Hospital companies, once among the healthiest performers in the market, may have already passed their prime.
For years, hospital operators have counted on their soaring profits to really take off when aging baby boomers started to hit hospital beds in droves. But one veteran health care analyst now wonders if the baby boom -- which has fueled so much expansion in the industry -- might actually turn out to be a bust.
Fulcrum analyst Sheryl Skolnick readily acknowledges that her view "violates conventional wisdom." But she has collected enough evidence to at least question a crucial assumption that's powering growth expectations for the industry.
She wonders whether the industry's revenue can really grow enough to offset mounting expenses.
"The irony of the situation is apparent to us," acknowledged Skolnick, who has a cautious view on the sector. But "we see a margin squeeze just at the time when hospitals should be enjoying unprecedented increases in volume-driven profits. ... In short, we think that it is possible that the impact of the baby boom on the hospital industry is more likely negative than positive."
The squeeze could hit leaders such as
as well as smaller players, Skolnick's research suggests. Hospital stocks in general, known for delivering double-digit profit growth, have recently faltered and are down nearly 3% on average over the past three months.
To be fair, Skolnick admits that hospital stocks may actually rise on third-quarter reports that show stabilization in bad-debt expense.
But she believes that bad debt -- a recent market concern -- is just one of several problems now surfacing throughout the industry. Namely, she expects supply and labor costs to keep rocketing as well.
Looking ahead, Skolnick sees hospital stocks taking a potential hit as a result.
"We do not believe that investors have adequately discounted those risks into current valuations of ... the hospital group," Skolnick wrote on Monday. "We think that late 2004 will be dangerous for owners of these stocks and 2005 will be very unpleasant."
Already, Skolnick points out, hospitals are struggling with supply costs. When issuing their latest reports, HCA and Tenet blamed high-tech devices -- particularly drug-eluting stents -- for a surge in supply expenses. But Skolnick says that other pricey devices, such as orthopedic and cardiac implants, are also hurting profits at some hospitals.
Peter Young, a business consultant, who recently hosted an industry meeting in Florida, agrees. He says that Florida hospital CEOs who attended the meeting reported that implants used in joint-replacement surgeries had turned the orthopedic procedures into money-losers. He said the price of such implants has rocketed 115% during a 12-year period when Medicare reimbursements for the devices have risen only 12% to 15% for hospitals and have actually fallen 25% for physicians. Meanwhile, he said, the new drug-eluting stents have cut into angioplasty margins and eliminated the need for many lucrative heart bypasses as well.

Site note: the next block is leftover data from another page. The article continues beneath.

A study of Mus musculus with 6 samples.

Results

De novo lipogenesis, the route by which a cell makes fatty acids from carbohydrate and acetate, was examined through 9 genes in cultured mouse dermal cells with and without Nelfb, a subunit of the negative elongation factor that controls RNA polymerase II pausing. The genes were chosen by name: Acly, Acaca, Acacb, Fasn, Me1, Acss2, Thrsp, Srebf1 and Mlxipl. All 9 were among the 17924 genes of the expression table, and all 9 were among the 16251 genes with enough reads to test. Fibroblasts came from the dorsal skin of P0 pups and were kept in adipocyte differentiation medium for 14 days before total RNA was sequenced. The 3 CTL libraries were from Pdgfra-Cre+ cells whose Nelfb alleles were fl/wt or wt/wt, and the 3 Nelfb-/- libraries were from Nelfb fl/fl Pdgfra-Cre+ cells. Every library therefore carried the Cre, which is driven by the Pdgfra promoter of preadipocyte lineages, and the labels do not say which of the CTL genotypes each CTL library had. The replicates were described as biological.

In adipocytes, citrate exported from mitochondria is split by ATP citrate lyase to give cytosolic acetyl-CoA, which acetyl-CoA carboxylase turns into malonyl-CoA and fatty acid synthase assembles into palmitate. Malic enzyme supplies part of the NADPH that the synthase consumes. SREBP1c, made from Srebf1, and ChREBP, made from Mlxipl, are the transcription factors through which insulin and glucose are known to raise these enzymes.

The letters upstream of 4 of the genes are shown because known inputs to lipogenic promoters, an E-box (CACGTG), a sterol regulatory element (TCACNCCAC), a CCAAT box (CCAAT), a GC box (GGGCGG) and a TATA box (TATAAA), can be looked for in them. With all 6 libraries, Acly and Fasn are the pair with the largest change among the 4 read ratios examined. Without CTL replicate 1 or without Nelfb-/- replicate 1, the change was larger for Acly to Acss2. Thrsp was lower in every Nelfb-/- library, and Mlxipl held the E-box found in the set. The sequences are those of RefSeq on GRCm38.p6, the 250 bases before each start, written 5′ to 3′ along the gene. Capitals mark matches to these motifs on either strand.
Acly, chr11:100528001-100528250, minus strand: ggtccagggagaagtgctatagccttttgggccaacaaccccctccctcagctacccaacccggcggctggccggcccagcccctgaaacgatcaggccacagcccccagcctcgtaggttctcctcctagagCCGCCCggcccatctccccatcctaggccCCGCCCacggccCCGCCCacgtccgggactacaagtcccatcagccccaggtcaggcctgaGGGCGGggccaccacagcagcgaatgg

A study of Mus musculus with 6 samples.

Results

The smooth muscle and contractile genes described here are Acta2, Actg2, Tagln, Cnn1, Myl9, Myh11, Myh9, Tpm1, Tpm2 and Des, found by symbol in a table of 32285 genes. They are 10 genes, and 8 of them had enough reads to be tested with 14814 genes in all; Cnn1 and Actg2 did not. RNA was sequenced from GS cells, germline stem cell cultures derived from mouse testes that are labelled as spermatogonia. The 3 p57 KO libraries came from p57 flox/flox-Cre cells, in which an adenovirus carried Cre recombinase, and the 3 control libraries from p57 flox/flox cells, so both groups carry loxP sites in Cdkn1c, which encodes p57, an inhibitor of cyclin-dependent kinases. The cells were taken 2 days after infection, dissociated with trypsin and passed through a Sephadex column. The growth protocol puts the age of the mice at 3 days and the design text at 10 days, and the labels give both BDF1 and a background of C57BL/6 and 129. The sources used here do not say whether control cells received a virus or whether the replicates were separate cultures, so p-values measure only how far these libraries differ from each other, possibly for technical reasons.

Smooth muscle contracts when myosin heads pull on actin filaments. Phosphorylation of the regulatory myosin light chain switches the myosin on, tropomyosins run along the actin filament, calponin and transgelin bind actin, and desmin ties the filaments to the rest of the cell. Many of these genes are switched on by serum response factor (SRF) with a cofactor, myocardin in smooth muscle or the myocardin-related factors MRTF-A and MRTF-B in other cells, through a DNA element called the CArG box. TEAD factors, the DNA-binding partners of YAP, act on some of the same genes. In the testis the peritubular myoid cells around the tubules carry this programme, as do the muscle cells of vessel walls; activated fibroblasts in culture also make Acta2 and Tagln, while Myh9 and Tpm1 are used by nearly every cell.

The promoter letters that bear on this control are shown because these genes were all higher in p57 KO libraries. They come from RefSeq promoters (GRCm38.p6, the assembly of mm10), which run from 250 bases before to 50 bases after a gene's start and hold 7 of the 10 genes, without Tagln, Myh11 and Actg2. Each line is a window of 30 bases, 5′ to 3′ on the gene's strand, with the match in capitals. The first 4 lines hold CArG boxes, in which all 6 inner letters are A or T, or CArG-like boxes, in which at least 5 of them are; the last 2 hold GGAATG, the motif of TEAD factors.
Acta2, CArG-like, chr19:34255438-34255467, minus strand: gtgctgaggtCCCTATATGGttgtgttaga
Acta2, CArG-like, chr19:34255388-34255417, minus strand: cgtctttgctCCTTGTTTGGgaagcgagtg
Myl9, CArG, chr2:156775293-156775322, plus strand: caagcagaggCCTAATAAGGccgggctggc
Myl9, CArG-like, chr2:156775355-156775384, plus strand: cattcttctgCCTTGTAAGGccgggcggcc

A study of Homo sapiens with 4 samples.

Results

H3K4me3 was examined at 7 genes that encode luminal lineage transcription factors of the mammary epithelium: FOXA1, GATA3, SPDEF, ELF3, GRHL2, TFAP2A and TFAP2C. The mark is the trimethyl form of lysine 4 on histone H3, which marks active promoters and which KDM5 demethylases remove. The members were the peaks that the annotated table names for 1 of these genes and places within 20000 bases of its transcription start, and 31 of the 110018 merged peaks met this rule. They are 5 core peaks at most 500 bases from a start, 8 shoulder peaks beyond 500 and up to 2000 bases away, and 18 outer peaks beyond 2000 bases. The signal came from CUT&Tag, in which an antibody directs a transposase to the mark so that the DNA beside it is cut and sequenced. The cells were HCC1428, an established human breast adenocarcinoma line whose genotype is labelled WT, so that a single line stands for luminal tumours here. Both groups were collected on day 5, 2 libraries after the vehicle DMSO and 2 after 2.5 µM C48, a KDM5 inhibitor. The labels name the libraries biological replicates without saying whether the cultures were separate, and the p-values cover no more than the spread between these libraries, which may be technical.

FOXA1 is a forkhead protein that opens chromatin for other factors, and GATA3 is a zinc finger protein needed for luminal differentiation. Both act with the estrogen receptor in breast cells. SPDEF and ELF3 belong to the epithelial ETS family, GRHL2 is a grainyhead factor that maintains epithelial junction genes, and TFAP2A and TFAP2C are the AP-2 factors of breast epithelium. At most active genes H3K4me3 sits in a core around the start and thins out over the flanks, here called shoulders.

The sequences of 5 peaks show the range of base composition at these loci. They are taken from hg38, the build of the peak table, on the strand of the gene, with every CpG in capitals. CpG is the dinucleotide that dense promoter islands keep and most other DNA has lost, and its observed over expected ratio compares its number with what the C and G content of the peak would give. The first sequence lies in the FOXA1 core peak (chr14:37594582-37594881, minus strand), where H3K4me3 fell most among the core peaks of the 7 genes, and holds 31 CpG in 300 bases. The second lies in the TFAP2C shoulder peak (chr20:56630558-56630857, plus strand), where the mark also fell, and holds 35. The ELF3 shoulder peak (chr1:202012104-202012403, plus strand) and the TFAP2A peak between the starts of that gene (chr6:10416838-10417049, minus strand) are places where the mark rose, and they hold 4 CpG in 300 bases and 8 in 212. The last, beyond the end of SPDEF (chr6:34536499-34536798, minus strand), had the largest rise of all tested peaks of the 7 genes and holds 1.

Normally, Young pointed out, orthopedics and cardiology have been nice profit centers for hospitals. But now, he said, costs are growing faster than revenue.
"This is not a growth industry anymore," he stated. "Margins are going down."
Nurses Getting Scarce
Skolnick sees further threats to come. Most notably, she expects the nursing shortage to grow worse and drive labor expenses higher. And she blames the baby boom in part.
"The industry has been building beds in anticipation of increased demand over the next five to 10 years, yet we barely have enough nurses to staff the existing beds today," she noted. "As the economy improves, the aging nurse workforce (average age today is about 51) thins, exacerbating the growth."
In the meantime, Skolnick believes the sector could take a hit to revenue even as it battles with soaring expenses. Specifically, she suspects that hospitals may never realize the full Medicare reimbursements they are currently expecting. She says that proposed Medicare rate hikes for 2005 look "too high" and will probably weather cuts as Congress looks for ways to fund the new prescription drug bill and still keep the Medicare trust fund solvent.
Still, Skolnick foresees a potential "window of relative calm" in the sector before this happens.
For now, at least, Skolnick is maintaining her neutral rating on the largest for-profit hospital chain in the industry. She says she has a "slightly more positive impression" about HCA after attending the company's investor day last week. And she specifically applauded the company for making "everyone smarter about bad debt and uninsured accounting" through disclosures at the meeting. But she also recognized that disclosing the problems didn't necessarily make them go away.
Rather, she expects HCA and the entire hospital group to struggle with bad debt and new "systemic" problems -- including those posed by the baby boom -- for the foreseeable future.
"We ... recognize that our concerns are, perhaps, too long-term for investors who are judged on an annual or quarterly basis," she confessed. "Nevertheless, our overall stance remains one of extreme caution."